It's time for U.S. to end its failed 'China Initiative'
Anthony Moretti
A screenshot of the Boston Globe.

A screenshot of the Boston Globe.

Editor's note: Anthony Moretti is an associate professor at the Department of Communication and Organizational Leadership at Robert Morris University. The article reflects the author's opinions and not necessarily those of CGTN.

Now would be a good time for the United States Department of Justice to admit the obvious: Its "China Initiative" has been a gigantic failure.

Launched when Donald Trump was president, the government claims the initiative is designed to identify and prosecute Chinese scholars and researchers working in U.S. colleges and universities for failing to disclose their alleged ties to the Chinese government or military.

According to the Department of Justice, the initiative is "identifying and prosecuting those engaged in trade secret theft, hacking, and economic espionage." In addition, "the initiative focuses on protecting our critical infrastructure against external threats through foreign direct investment and supply chain compromises, as well as combating covert efforts to influence the American public and policymakers without proper transparency."

In reality, though no politician nor mainstream media outlet would dare say this too loudly, the initiative is a witch hunt. And so far it has been a colossal disaster.

The latest example of this misguided policy unfolded a few days ago in Cambridge, Massachusetts, where a Massachusetts Institute of Technology professor faced allegations of failing to fully acknowledge his relationship with the Chinese government. The U.S. government abruptly dropped all charges against Gang Chen, admitting "our office has concluded that we can no longer meet our burden of proof at trial."

That is a nice way of saying "we goofed."

Chen shared his near one-year ordeal in an editorial in the Boston Globe. He stated the obvious: "For 371 days, my family and I went through a living hell." He added, "There is no winner in what seems to me a politically and racially motivated prosecution: My reputation is tarnished, my family suffered, my institute lost the service of a professor and bore the financial burden of my legal defense, U.S. taxpayers' money was wasted, the ability of the United States to attract talents from around the world has plummeted, and the scientific community is terrified."

It is important to remember that MIT stood by Chen during his trial, including paying all his legal fees. You want to keep those words in mind when you read the next paragraph.

One would have thought that the government would have learned its lesson after it failed to convict Anming Hu last year. During Hu's trial, an FBI agent admitted he lied when he accused Hu of being a Chinese spy. Despite the acquittal, Hu's employer, the University of Tennessee, did not immediately reinstate him; the university had suspended him after the charges against him were filed. 

People march against anti-Asian hate crimes and racism in Los Angeles, California, the U.S., March 27, 2021. /Getty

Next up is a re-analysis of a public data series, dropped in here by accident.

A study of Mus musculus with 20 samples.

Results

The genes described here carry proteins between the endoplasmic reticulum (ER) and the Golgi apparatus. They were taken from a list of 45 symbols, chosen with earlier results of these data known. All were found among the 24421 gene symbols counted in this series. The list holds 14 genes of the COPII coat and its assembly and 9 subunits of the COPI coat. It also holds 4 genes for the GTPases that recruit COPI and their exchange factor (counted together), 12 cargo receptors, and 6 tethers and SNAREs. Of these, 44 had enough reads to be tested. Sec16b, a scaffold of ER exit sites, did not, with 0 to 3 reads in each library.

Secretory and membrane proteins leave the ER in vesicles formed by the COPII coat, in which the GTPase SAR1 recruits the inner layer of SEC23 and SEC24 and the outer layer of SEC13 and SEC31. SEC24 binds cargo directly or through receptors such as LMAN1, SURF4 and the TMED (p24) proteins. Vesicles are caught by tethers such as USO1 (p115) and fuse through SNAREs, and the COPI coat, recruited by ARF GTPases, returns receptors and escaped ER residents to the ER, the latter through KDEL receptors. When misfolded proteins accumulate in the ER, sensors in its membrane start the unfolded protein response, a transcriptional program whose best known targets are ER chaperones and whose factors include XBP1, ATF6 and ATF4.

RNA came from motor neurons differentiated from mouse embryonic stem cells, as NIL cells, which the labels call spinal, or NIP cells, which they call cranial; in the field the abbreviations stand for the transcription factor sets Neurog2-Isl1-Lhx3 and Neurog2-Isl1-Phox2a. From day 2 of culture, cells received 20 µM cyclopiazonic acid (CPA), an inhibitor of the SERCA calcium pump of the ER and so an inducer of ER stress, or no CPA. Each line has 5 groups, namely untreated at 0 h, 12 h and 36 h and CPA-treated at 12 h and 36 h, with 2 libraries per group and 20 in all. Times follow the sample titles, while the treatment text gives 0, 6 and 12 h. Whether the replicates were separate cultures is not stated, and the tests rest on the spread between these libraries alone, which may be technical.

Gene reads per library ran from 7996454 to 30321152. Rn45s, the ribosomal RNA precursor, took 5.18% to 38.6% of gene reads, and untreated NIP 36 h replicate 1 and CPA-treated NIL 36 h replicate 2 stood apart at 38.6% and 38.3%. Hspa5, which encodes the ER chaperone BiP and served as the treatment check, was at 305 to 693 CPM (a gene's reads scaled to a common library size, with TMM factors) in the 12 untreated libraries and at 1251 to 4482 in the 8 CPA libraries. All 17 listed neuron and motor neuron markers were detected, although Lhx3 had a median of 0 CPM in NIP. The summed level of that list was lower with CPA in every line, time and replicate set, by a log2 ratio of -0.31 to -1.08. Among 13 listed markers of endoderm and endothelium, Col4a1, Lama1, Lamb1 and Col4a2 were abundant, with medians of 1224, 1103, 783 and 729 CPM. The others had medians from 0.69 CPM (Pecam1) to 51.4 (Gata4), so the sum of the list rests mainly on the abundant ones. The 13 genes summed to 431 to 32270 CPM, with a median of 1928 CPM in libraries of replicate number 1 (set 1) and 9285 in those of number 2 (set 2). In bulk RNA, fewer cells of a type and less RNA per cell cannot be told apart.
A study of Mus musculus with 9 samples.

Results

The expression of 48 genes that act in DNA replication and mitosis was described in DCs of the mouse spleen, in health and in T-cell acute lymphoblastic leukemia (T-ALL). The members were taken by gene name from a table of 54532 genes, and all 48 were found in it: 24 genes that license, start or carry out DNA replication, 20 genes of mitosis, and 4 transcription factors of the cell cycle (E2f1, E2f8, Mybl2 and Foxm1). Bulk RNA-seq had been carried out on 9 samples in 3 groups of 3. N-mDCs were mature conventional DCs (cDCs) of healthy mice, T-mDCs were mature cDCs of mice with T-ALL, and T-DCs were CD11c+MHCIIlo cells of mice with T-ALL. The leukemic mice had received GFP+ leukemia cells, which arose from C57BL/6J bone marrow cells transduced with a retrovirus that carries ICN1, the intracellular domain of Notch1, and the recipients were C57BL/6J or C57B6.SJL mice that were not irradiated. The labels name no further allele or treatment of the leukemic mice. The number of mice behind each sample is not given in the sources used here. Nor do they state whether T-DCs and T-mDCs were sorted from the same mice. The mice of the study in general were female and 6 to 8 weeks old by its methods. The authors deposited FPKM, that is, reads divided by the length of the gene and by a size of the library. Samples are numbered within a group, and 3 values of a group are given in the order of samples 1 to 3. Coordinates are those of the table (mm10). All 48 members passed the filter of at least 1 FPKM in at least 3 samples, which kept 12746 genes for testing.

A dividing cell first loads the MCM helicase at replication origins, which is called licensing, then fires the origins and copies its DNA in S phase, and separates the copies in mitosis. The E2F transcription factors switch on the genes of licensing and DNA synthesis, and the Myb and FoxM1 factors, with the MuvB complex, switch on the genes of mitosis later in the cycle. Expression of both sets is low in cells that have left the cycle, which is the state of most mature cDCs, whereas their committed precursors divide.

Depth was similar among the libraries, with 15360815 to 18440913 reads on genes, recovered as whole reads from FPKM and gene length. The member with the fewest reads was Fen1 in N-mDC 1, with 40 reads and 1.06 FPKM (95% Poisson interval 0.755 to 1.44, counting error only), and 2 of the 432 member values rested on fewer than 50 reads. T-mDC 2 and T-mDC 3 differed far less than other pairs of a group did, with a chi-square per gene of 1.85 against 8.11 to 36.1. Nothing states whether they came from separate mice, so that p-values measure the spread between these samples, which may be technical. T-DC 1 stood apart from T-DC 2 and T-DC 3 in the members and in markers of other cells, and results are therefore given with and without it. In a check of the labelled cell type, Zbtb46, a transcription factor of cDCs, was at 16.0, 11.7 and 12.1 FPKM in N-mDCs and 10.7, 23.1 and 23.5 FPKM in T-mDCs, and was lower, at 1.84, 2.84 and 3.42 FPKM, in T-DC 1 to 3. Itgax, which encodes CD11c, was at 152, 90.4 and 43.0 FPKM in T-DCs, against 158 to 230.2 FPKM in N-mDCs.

People march against anti-Asian hate crimes and racism in Los Angeles, California, the U.S., March 27, 2021. /Getty

Perhaps worse, the university aided the government in its investigation; Hu was afforded none of the protections colleges and universities across the country are supposed to give their faculty when the government demands access to personnel files and other institution-related information.

MIT officials deserve applause for their support of Chen, while Tennessee officials deserve ample criticism for leaving Hu out in the cold.

We must not mince words here: The "China Initiative" has nothing to do with uncovering educators who are seeking to share important research findings with China. And it has nothing to do with national security. It has everything to do with trying to scare those scholars already in the United States and those who are thinking about coming here.

Anyone who has studied U.S. history will see parallels between what is happening now to what took place in the 1950s, when Senator Joseph McCarthy started a one-man crusade to prove that Communist agents were everywhere in the U.S. government. He found no such people, but he did succeed in damaging the reputations of multiple men and women.

We know Trump had a deep and frightening dislike of China, and his rhetoric has led to a sharp increase in anti-Asian and anti-Chinese hate in the U.S. A man with such hate for a country and its people would create draconian policies such as the "China Initiative." Nevertheless, it is baffling to see President Joe Biden allowing this failed and evil effort to continue.

My colleagues and I throughout higher education in the United States must continue to impress upon the political elite in Washington that the "China Initiative" is bad policy, bad for America's reputation internationally, and bad for U.S.-China relations. The initiative must be abandoned, and any Chinese scholar who was unnecessarily caught up in its web deserves a full and honest apology from the government.

We would be wise to remember what Bloomberg wrote in mid-December about the "China Initiative": "The FBI says it has opened thousands of investigations involving China since then. But recent setbacks – six cases dropped in July and a directed acquittal in September – have revealed law enforcement errors and prosecutorial overzealousness."

In other words, the "China Initiative" needs to be tossed into the trash can, and now would be the best time to do that.